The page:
New supercomputer to bring academic benefits as well as multimillion price tag
December 8, 2009
The world’s largest, smartest and fastest computer will be up and running on campus by 2011, according to the University.
The computer is named Blue Waters and is already being made by the IBM company. The building that will house the computer is being constructed near Research Park and in sight of Assembly Hall.
Trish Barker, spokeswoman for the National Center for Supercomputing Applications, said the computer will be used by scientists and engineers worldwide.
“Blue Waters will be used to do scientific research that relies on supercomputers,” she added. “It might be doing better weather prediction. It might be looking at how the universe evolved in the very early days, and it might be trying to find an answer to global warming. It will be, in 2011, the most powerful supercomputer in the world.”
The computer itself will cost $208 million to build and will be funded through a grant from the National Science Foundation, or NSF. The cost of housing the supercomputer is $72 million; the University will pay $12 million and the state will pay $60 million, Barker said.
But with what administrators have called a “budget crisis” looming in the University’s near future, some have brought to question the morality of the University spending this much on a computer.
Rich Potter, graduate student, said the University administration must make it clear to the campus what the benefits of Blue Waters will be.
“We need to question very seriously what the priorities of the administration are,” he said. “When they are telling us that they have to furlough staff and faculty, that they are freezing all hirings and that there is not enough money to efficiently fund instruction on campus, then we need to know the benefits of these high technology programs.”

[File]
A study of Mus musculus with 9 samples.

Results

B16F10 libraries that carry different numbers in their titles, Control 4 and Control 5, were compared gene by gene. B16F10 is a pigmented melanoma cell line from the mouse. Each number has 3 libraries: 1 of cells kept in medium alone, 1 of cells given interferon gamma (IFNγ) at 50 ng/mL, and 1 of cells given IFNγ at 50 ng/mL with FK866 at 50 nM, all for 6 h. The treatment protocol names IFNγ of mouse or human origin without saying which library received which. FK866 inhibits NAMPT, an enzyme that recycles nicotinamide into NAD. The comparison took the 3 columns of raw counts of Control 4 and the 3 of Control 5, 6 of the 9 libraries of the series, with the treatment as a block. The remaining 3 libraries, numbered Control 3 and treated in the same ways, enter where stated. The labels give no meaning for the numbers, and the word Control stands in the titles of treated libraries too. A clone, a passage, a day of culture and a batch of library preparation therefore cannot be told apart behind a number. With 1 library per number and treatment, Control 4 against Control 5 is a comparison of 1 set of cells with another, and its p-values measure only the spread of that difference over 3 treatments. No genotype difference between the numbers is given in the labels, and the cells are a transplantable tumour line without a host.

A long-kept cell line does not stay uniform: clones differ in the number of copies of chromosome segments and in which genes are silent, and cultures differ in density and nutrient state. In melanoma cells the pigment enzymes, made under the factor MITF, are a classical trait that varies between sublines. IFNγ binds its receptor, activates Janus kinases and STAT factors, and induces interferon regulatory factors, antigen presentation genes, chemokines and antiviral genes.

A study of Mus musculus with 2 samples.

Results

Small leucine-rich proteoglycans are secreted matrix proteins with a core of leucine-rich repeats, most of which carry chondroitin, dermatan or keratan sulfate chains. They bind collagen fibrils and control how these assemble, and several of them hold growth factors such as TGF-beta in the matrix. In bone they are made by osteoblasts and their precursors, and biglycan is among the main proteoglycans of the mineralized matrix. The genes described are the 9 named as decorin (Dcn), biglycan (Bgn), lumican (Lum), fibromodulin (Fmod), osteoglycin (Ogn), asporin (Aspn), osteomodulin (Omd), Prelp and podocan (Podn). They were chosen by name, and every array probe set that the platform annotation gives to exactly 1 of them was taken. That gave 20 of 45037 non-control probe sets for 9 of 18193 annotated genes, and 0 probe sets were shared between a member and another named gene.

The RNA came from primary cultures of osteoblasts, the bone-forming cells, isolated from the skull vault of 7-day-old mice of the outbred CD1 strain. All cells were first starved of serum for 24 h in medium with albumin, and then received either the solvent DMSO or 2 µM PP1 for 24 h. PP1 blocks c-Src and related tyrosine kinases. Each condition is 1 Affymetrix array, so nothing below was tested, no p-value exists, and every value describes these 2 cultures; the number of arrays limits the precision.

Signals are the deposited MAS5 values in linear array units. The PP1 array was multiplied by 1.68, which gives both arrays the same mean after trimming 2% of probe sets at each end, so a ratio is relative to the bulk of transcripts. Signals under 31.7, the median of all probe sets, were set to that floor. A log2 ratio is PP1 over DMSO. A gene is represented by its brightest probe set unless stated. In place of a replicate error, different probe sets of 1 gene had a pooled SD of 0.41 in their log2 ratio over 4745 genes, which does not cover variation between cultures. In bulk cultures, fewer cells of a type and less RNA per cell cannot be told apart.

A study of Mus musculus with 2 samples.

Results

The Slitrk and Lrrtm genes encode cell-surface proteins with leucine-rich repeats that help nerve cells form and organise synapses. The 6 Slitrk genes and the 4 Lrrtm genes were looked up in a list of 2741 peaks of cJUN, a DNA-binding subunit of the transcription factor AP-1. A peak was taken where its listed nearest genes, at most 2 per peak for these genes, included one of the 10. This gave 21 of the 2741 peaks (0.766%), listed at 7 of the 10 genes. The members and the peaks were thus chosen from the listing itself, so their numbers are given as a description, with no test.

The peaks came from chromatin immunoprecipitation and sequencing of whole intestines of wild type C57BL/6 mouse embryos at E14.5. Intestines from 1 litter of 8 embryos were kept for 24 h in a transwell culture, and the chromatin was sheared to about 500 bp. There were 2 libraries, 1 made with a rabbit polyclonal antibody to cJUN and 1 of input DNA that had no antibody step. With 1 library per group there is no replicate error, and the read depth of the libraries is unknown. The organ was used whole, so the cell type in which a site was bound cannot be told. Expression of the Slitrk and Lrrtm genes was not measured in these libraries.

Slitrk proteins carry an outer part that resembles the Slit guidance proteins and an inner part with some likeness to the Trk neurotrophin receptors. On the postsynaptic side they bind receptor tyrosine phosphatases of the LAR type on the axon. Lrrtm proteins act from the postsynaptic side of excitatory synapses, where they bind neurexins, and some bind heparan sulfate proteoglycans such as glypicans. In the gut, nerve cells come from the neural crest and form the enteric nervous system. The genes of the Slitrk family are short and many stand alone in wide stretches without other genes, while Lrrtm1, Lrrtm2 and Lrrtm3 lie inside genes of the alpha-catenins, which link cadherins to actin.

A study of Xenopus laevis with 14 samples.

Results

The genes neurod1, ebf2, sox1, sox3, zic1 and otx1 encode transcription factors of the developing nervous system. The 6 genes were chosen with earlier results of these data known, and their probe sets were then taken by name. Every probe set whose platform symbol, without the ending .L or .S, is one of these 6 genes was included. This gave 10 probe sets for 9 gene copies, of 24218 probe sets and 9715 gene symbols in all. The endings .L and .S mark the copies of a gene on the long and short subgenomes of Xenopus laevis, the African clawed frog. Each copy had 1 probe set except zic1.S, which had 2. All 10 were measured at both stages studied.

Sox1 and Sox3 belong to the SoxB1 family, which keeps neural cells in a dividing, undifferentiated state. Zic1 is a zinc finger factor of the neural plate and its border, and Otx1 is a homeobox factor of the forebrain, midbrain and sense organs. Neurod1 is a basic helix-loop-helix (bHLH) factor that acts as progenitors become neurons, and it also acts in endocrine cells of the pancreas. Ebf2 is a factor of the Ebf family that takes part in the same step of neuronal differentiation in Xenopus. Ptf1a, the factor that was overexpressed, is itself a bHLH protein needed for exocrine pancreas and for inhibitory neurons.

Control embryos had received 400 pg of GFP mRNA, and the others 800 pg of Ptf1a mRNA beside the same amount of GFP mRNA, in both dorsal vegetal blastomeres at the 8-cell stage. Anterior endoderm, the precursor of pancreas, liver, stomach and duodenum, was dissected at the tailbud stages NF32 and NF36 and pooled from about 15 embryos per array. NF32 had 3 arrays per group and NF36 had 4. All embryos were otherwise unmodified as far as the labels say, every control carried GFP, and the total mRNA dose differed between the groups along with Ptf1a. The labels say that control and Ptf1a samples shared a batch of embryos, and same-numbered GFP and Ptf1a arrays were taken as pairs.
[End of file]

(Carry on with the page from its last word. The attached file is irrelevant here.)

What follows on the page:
Randy Kangas, associate vice president for planning and budgeting at the University, said the $12 million that the University is providing for the project will eventually benefit campus in the long run.
Kangas said the University will not be responsible for funding the operational cost of Blue Waters.
“There will be additional funds that come through for research and operations, at least we hope,” he said. “There’s also a consortium with a lot of other universities, and you would hope that there will be corporate interest in what a facility like this can do.”
Potter said this uncertainty is what causes him to worry about whether the University can afford to pay for the supercomputer.
“It seems to me that evidence shows that they (these high technology projects) tend to benefit private, commercial enterprise,” Potter said. “While that’s a good goal, it is not the primary, strategic goal of the University, and that’s the goal we need to respect.”
Kangas said the decision to build this computer was made before reports on the University’s budget came in. He also said that the Blue Waters project will be valuable in ways other than financial.
“If you had to make the decision today, I don’t know, maybe the provost and the chancellor would make a different decision, but it’s a very important project for campus,” Kangas said. “You have to look at it from two points, not just the dollars, but what it will do academically for the campus.”
Others have agreed with Kangas on this issue. Lisa-Joy Zgorski, spokeswoman for NSF, said the value of Blue Waters and the justification for funding it will be made known in the near future.
“We (the NSF) are in the business of funding things that sometimes, at first blush, the practical implications for which are not immediately recognized,” Zgorski said. “It’s (Blue Waters) building for the future and providing the computational resources to attack the really complex, daunting problems we are facing in society.”
Similarly, Barker said Blue Waters will bring the University nationwide prestige and publicity.
“It’s really an endorsement of the University’s strengths in computer science, electrical and computer engineering. It places us at the cutting edge of those areas,” she said.
Kangas said the University’s funding for the supercomputer is not being directed from other funds and would not be beneficial in helping to combat the budget crisis.
“There are some saying we need as much as $11 billion more next year, so that $12 million, (matured) over many years, could not fix the problem,” he said. “I think it’s (Blue Waters) been a very important pragmatic priority.”
However, Potter suggests that prioritizing Blue Waters is an indication that the University is trying to privatize the campus.
“If we believe that line, then were going to end up with a University that only provides educational access for the most economically privileged in our society,” he added.